What the postman wrought…

Another ‘first line’ taken from the handout at last month’s creative writing group. The line is in bold again.

He stared at the writing on the envelope, a taut expression on his face. I watched him from the breakfast table as I munched my cereal, wondering what significance the cursive address could have, to elicit such a response. Normally my father was a buzz of activity in the mornings, a ball of nervous energy bouncing around the house, always on the verge of lapsing into total hysteria…or so it seemed to me, at any rate. To witness him stilled, pensive, was not merely noteworthy – it was unprecedented.

Presently, he gathered himself and resumed his customarily frazzled preparations for leaving the house. I quickly finished my Weetos, grabbed my schoolbag, and followed my older siblings to the car, but inwardly I was ruminating over Dad’s peculiar behaviour. How could the mere sight of handwriting do that to a man? What meaning could be imbued in the curves and loops and crossed T’s and dotted I’s so that a person could be rendered statuesque, stony-faced? Who could have penned these few lines, lines powerful enough to momentarily paralyse my father?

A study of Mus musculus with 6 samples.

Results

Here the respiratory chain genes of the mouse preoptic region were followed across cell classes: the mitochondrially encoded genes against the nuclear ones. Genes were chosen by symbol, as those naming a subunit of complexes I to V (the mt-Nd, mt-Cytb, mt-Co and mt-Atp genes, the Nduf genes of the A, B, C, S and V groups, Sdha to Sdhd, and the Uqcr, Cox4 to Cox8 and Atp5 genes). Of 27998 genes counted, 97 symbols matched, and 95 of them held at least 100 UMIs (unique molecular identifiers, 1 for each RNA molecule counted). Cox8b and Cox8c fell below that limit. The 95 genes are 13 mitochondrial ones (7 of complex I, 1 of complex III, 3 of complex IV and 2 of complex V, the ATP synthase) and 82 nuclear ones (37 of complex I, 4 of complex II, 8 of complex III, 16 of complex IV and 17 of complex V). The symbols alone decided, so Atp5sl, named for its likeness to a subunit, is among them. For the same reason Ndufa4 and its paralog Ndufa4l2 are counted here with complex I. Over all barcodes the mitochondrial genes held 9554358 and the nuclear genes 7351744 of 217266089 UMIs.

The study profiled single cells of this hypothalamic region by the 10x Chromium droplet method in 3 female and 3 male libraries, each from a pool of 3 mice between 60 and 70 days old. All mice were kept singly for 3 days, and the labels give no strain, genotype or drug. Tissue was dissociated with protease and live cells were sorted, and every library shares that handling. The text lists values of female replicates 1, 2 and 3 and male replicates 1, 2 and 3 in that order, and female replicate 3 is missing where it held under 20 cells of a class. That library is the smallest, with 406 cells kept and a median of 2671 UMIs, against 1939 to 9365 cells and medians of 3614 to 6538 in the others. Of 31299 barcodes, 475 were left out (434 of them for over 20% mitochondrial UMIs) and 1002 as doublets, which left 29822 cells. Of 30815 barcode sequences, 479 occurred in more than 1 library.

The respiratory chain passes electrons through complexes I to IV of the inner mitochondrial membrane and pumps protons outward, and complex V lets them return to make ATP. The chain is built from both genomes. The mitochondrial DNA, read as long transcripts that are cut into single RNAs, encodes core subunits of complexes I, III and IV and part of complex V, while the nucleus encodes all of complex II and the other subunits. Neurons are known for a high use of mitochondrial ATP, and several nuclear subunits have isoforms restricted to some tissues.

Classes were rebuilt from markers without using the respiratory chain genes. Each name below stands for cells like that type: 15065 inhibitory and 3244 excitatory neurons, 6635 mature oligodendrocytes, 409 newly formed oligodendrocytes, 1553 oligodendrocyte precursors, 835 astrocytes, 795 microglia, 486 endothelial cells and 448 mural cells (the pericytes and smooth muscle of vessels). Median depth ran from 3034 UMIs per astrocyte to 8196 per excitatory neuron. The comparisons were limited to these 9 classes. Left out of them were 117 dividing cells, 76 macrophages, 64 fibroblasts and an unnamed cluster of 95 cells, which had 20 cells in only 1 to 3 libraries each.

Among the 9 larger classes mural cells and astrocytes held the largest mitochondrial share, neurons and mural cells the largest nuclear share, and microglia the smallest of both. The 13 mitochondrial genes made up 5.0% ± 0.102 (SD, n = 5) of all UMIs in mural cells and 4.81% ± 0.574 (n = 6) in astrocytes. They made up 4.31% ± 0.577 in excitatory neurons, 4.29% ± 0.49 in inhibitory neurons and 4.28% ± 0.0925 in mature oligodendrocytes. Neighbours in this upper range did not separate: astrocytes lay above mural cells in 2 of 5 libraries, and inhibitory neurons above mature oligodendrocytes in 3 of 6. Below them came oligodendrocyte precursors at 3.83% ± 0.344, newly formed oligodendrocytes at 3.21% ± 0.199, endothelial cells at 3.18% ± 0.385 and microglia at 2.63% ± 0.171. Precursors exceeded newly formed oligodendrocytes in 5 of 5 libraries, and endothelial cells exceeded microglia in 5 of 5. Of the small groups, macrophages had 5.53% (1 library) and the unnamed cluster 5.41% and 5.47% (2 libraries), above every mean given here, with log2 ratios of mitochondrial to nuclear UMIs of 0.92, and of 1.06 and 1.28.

I was too young to understand, then. I did not yet know the complexities of human relationships of the web of complicated emotions in which people can become entangled. I was blissfully unaware of how easy it is to find yourself in thrall to another, of how difficult it is to extricate yourself from such a mire of your own making. I grimly see, now, with all the experience I have accrued, just how someone else’s script can evoke such feelings of joy, sadness, anger, irritation or, in this case, terror.

Sometimes I like to think that, if I had been older and wiser, I would have been able to approach my father with sensitivity, offer a sympathetic ear and understanding counsel. That I would be able to convey my own appreciation for his fearful reaction and, most importantly, ascertain the identity of the mysterious sender. This, however, is fantasy. No matter how different the circumstances might have been, I know with absolute certainty that Dad would never converse on any matters of emotional depth. He would deny, laugh, belittle, change the subject…anything but engage with such deep sincerity.

When he disappeared that night, the others had been shocked. Not I. Even ten year-old me had had the wisdom to join the dots. I had seen his face. I had seen his terror. I had seen his desperation. While everyone else searched for him,  I had ransacked the house, hunting for this envelope, this letter bomb that had blown my entire world asunder.

It is thirty years on, and I am still searching.

Solidarity, brothers & sisters…♥


About Seba Roux

Gooner, Socialist, Historian, Slacker. That's pretty much all you need to know.